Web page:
Barton v. Kern County, dba Kern Medical Center
Dr. Fagel and his associates obtained a verdict of over
$4,780,000 on behalf of a now 2-year-old child who now suffers from cerebral palsy
, mental retardation
, spastic quadriparesis and seizures after contracting
less than a week after his birth. The infant plaintiff was born
healthy with normal amounts of feeding and was discharged 24 hours after his
birth. Prior to discharge, the pediatrician examined the baby and noted a
completely normal physical examination other than a bruised face. Also, before the
discharge, a resident gave the mother a prescription for antibiotics to treat a
possible urinary tract infection, without telling the pediatrician, based upon
the results of a voided urine specimen prior to delivery the day before.
However, the resident, nurse and pediatrician all testified that the mother’s
prescription was immaterial because the urinalysis represented contamination.
Based on protocol, the mother was to be given a follow up appointment, which
must take place within 3-5 days, prior to her discharge. However, the nurse
could not make an appointment because the computers were not working so she
instructed the mother to make her own appointment. Two days later the mother
called to make an appointment but was informed that the first available
appointment was 1-2 weeks away, so she made an appointment with a local
pediatrician at a sooner date. Three days later, the baby stopped feeding,
developed a fever and then had a seizure while in the bath. The mother
immediately brought the baby to an emergency room, where he was diagnosed with
meningitis and placed on IV antibiotics. The infant’s condition continued to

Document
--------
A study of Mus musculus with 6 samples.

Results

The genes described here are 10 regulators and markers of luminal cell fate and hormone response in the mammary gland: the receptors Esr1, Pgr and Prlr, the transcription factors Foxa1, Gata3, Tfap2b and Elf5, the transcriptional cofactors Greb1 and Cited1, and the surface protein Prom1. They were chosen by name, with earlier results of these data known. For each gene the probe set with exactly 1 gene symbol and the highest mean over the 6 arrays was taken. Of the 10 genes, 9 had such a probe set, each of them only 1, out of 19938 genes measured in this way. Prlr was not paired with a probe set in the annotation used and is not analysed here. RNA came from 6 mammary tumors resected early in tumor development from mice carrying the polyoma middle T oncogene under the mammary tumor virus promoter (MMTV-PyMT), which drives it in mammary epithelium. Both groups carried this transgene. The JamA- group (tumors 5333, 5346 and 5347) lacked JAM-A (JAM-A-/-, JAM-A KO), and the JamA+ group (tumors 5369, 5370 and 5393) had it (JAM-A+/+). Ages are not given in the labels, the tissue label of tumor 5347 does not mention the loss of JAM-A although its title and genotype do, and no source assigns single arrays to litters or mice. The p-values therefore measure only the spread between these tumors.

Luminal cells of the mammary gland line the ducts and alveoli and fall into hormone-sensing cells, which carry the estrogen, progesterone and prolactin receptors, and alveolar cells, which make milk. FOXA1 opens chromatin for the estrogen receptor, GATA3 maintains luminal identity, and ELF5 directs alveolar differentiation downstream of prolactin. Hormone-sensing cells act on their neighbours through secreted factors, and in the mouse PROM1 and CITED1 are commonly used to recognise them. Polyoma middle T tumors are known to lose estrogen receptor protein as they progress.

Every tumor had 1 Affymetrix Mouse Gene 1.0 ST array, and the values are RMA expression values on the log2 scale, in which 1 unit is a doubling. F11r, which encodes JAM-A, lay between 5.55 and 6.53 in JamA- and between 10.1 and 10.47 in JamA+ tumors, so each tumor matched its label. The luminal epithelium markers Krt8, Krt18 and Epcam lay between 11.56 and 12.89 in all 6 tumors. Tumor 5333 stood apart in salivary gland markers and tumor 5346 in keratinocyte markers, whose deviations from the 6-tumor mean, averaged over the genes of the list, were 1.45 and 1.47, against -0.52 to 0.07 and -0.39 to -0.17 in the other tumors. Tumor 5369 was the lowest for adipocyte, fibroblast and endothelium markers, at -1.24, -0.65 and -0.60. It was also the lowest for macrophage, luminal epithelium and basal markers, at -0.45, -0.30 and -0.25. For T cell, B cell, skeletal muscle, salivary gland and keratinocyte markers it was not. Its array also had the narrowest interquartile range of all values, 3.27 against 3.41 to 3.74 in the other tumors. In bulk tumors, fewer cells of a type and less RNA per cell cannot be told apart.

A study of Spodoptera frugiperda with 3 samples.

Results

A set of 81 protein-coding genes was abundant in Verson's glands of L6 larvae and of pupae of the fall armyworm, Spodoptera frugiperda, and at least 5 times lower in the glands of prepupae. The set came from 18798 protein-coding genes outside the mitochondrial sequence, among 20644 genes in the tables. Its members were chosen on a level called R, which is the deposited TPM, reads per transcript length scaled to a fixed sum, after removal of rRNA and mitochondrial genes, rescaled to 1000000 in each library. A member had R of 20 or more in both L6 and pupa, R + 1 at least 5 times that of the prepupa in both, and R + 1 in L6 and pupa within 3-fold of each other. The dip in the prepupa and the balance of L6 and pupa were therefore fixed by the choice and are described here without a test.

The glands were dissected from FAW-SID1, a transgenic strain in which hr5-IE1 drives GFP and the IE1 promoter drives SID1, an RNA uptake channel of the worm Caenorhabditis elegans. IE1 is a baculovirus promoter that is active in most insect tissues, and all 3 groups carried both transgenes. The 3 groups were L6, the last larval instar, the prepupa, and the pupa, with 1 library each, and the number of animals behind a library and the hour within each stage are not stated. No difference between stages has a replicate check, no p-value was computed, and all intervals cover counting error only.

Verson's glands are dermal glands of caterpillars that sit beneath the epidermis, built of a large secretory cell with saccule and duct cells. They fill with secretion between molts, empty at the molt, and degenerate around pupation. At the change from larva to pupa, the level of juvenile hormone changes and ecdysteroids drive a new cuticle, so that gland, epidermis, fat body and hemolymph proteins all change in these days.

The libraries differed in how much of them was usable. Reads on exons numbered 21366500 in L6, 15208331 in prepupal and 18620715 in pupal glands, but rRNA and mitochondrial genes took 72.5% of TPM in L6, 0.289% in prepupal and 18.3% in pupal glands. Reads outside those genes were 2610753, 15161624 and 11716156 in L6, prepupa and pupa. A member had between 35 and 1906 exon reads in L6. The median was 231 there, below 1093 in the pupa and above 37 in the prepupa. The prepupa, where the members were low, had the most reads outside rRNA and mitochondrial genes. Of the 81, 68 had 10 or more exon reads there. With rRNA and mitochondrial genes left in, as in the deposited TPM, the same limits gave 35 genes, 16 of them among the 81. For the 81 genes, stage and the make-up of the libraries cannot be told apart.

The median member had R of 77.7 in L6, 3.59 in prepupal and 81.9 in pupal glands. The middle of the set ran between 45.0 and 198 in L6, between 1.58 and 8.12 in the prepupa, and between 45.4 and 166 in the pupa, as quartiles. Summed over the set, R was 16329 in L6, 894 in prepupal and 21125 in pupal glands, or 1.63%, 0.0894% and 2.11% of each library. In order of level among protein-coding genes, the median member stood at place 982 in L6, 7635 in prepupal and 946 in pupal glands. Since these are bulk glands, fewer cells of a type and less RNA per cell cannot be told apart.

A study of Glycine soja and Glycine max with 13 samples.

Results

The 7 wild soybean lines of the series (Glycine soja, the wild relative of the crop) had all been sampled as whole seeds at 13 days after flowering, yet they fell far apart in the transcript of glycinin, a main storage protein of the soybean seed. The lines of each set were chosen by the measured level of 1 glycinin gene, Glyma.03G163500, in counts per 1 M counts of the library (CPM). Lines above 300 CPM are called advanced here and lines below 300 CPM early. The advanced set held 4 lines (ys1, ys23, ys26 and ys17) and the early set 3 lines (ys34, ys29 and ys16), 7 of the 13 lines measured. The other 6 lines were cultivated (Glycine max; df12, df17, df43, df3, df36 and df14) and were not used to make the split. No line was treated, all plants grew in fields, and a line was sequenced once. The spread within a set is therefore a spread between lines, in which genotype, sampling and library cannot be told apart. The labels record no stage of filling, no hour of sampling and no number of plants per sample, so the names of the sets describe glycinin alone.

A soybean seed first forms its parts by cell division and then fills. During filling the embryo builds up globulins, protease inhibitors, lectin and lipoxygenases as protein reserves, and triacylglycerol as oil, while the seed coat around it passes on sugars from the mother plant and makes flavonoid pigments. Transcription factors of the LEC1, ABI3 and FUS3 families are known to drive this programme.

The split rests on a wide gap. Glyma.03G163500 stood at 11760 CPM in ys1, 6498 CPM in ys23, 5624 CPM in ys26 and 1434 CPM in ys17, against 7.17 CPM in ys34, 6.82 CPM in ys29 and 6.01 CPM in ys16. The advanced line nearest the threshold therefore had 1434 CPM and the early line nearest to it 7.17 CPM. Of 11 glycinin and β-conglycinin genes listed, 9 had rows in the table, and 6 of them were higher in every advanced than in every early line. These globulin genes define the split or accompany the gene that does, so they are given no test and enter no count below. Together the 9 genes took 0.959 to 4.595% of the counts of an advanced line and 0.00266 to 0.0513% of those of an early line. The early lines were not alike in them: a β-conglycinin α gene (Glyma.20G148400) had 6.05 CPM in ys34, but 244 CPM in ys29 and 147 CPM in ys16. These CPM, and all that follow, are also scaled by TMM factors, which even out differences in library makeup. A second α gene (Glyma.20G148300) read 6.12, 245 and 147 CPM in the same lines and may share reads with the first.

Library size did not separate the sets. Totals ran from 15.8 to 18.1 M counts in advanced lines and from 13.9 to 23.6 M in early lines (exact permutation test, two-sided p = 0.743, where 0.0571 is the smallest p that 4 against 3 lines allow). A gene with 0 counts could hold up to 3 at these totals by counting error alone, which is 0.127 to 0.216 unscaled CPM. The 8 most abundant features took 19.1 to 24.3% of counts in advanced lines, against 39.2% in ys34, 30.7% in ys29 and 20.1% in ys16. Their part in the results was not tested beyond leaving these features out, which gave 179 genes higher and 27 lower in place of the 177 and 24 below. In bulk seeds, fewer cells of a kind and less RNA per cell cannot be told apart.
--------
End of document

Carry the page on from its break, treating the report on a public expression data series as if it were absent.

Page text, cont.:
deteriorate and he was eventually placed on a ventilator. A CT scan later
revealed multiple hemorrhages in his brain.
The defendants contended that their actions were well within
the standard of care because the baby was healthy at the time of discharge.
They further contend that the mother never had a urinary tract infection, as
the urine specimen was voided because it was contaminated with normal vaginal
bacteria; therefore, there was no indication to give more antibiotics to the
mother or infant. The defendants also claim that even if the infant had been
seen for a follow-up within 3-5 days, there would not have been sufficient evidence
for diagnosis or treatment of meningitis because the baby did not develop
symptoms until the day he was admitted to the emergency room; it was argued
that the baby had a very violent strain of E. Coli which rapidly progressed in
a single day and could not have been diagnosed earlier.
Dr. Fagel and his associates were able to prove that the
defendant pediatrician and nurse were negligent in discharging the infant and
should not have discharged him without giving the mother a specific follow-up
appointment. Furthermore, the attorneys at the Office of Bruce G. Fagel and
Associates were able to prove that, had the mother received an earlier
follow-up appointment, there would have been sufficient evidence for diagnosis
of the infant’s infection, allowing for antibiotic treatment which could have
prevented the meningitis and brain damage. The approximate $4.78 million
awarded will offset the total cost of past and future medical care for the next
15 years, in addition to compensating for projected loss of earnings.